Guest Contributors

Are Dementia Patients Better off at Home?

Submitted by Guest Contributor
Emma Clarke
Burwood Nursing Home

This may seem like an obvious question to answer, but it is not always clear cut. There are many factors to consider when making the decision about whether a person with dementia is better off at home or in a care home.

Care homes don’t always have to be the best option for a person with dementia. In some cases, it may be better for them to stay at home with the right level of support.

There are many things to think about when making the decision about whether a person with dementia is better off at home or in a care home. Some of these include:

  • How severe the person’s dementia is
  • Whether they are able to do things for themselves, such as bathing, dressing and eating
  • Whether they are safe at home on their own
  • Whether they are getting the right level of care and support
  • Whether the family has enough time and energy to look after them at home
  • Whether the care home can meet the person’s needs, such as providing the right level of care and support, good quality food and a comfortable environment
  • The cost of care in a care home compared to at home

Carers, friends and family of a person with dementia may feel a range of different emotions when they move into a care home.

A safer environment offering fewer hospital admissions

A 2020 study on Emergency department and hospital admissions among people living in nursing homes and home care, were less likely to be admitted to hospital, where those living in their home were more likely to be admitted because of unintentional weight loss, polypharmacy, falls, and more severe caregiver burden.

This also has an economic burden on the services, with the estimated average costs per person with dementia/year among participants living in a nursing home were lower than those receiving home care.

Staying in a familiar atmosphere to retain memories

It is often found that people with dementia feel more relaxed and secure in their own home, which helps to preserve their memories for longer.

Research has shown that when people with dementia are stressed, their memory function can rapidly decline. In a care home, they may be exposed to many new environments and people, which could lead to increased levels of stress and a quicker decline in memory function.

Less social isolation

When people with dementia live at home, they are more likely to maintain social contact with friends and family. This can help to reduce feelings of isolation and loneliness, which can often lead to a deterioration in mental health. In a care home, the person may only see a limited number of people on a daily basis, which can lead to feelings of loneliness and isolation.

Family carers are less likely to feel overwhelmed

It is often found that when family members care for a person with dementia at home, they can become overwhelmed and stressed. This is due to the fact that they have to juggle their own life with the demands of caring for someone else. In a care home, the carers will have specialist staff who are trained in how to deal with dementia patients, which can help to reduce the amount of stress that family members feel.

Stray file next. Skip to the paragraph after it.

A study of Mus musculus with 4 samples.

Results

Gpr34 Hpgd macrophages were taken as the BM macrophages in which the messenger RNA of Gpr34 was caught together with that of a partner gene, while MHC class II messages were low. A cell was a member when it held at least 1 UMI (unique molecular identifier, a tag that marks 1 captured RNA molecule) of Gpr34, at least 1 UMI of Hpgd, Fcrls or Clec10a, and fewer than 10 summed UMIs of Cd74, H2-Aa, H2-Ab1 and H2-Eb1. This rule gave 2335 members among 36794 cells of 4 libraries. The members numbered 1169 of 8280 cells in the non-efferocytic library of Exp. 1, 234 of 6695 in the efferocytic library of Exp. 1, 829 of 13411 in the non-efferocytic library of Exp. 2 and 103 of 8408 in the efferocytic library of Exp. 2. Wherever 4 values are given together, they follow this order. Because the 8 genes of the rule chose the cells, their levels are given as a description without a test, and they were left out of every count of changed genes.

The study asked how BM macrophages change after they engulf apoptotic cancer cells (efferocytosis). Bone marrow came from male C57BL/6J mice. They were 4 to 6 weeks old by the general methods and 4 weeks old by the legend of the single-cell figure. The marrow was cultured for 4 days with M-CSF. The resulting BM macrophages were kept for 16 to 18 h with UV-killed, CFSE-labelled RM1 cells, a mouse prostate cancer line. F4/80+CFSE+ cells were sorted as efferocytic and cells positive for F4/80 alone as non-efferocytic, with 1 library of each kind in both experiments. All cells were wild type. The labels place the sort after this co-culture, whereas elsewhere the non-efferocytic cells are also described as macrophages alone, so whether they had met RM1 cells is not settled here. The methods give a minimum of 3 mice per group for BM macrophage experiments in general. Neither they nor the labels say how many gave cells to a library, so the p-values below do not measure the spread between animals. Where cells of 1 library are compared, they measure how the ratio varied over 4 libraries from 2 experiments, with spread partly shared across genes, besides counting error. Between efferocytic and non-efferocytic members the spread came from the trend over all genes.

Maintaining your routine and independence

When a person with dementia lives at home, they are able to maintain their normal routine and daily activities. This can help to preserve their independence for longer. In a care home, the person may have to follow the schedules and routines of the care home, which can lead to a loss of independence.

Who makes the decision?

The decision about whether a person with dementia is better off at home or in a care home is usually made by the family members or friends, in consultation with the GP. However, it is important to involve the person with dementia in the decision-making process as much as possible, as they may have a preference about where they would like to live.

The patients level of understanding , as well as the severity of their dementia, will also play a role in the decision-making process. For example, if the person with dementia is unable to understand what is happening to them, or if they are likely to wander off and get lost, it may be best for them to live in a care home where they can be supervised at all times.

The final decision about whether a person with dementia is better off at home or in a care home will depend on a number of factors, including the patients preferences, the level of support available from family and friends, and the severity of their dementia.

About the Author: Emma Clarke

Emma Clarke Burwood Care
Emma Clarke

Emma Clarke is the Content Manager of Burwood Nursing Home in the United Kingdom.

They are a family-run care home in Poole, Dorset, providing the highest quality of nursing care within a homely and family-orientated care home environment.

They offer a beautiful 58 en suite room care home, run and owned by two generations of one family for more than 40 years.